British churches have been urged to review their security following recent terrorist attacks in France, as the Home Office announces £2.4m to bolster security in places of worship.
Specific advice has been issued by the police to the estimated 47,000 churches in the country on security measures, following the killing of a priest in France.
While there are no specific threats to the UK’s Christian community, churchgoers should be alert, according to the police advice which was sent out on Tuesday.
Neil Basu, the Metropolitan police’s deputy assistant commissioner, said: “As we have seen, Daesh and other terrorist groups have targeted Christian as well as Jewish and other faith groups in the west and beyond. Following recent events in France, we are reiterating our protective security advice to Christian places of worship and have circulated specific advice today. We are also taking this opportunity to remind them to review their security arrangements as a precaution.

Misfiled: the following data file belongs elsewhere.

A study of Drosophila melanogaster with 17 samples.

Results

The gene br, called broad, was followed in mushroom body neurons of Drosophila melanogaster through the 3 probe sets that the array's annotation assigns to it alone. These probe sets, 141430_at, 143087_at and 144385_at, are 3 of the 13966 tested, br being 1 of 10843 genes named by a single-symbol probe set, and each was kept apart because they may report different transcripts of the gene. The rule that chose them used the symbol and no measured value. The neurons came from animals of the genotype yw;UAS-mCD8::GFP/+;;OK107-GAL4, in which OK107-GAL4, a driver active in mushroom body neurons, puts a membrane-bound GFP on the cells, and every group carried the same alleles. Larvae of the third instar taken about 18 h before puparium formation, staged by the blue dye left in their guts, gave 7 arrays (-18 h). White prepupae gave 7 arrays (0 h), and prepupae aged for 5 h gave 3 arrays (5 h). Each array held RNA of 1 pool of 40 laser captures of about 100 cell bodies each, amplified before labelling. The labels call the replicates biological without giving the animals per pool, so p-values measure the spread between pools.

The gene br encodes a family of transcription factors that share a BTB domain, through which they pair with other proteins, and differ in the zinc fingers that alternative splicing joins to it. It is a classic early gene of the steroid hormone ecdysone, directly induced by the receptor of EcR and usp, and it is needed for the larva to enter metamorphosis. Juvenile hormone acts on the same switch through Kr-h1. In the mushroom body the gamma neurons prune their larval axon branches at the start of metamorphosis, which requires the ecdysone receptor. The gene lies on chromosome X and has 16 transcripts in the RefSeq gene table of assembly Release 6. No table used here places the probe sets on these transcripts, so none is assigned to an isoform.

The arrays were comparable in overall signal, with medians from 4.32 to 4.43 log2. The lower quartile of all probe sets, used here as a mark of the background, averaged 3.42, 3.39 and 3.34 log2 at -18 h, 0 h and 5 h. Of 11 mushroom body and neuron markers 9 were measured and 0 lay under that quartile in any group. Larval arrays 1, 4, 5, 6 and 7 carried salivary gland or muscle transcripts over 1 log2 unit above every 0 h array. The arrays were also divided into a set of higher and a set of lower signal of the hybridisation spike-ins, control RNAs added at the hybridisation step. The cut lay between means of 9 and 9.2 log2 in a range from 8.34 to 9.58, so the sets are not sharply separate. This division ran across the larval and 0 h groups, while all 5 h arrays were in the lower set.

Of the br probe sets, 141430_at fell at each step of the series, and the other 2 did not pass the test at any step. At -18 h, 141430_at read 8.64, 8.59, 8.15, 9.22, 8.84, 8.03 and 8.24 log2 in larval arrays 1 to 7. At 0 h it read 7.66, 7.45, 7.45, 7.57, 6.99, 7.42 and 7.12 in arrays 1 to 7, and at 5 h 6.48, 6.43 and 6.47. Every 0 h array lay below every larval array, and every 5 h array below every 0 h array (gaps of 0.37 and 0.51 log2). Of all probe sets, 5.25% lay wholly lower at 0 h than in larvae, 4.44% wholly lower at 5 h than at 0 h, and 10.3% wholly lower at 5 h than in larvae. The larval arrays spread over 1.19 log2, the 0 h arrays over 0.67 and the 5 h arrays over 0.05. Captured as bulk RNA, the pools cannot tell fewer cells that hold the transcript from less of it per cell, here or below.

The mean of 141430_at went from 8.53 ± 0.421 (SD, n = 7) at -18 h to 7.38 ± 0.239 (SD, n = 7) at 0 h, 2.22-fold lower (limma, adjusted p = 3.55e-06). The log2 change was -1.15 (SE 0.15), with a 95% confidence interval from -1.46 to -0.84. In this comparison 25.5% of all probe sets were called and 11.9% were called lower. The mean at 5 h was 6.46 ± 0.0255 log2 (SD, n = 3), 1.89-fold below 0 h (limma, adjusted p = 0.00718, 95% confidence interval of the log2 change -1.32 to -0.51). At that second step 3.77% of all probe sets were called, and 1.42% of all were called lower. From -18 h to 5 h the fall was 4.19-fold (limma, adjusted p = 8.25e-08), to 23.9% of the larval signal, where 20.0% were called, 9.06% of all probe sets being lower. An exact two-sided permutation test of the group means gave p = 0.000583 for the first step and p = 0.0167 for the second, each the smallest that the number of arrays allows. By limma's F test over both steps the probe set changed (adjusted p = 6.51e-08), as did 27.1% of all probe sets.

“While the threat from terrorism remains unchanged at severe we urge the public to be vigilant,” Basu said. “Be alert and not alarmed and report any suspicious activity. The UK police service is working tirelessly with our partners to confront the threat and protect all our communities.”
The Home Office also announced on Tuesday, a £2.4m security fund for religious institutions. Churches, mosques and other places of worship will be all be able to apply for a share of the money to fund doors, bollards, locks, alarms, floodlights and CCTV.
This follows a rise in faith-based attacks. Police received 3,254 reports of religious hate crime in 2014-15, up 43% from 2,269 the year before, a spokesperson for the hate crime action plan said. Only Jewish institutions will be exempt because they already receive separate funding through the Community Security Trust.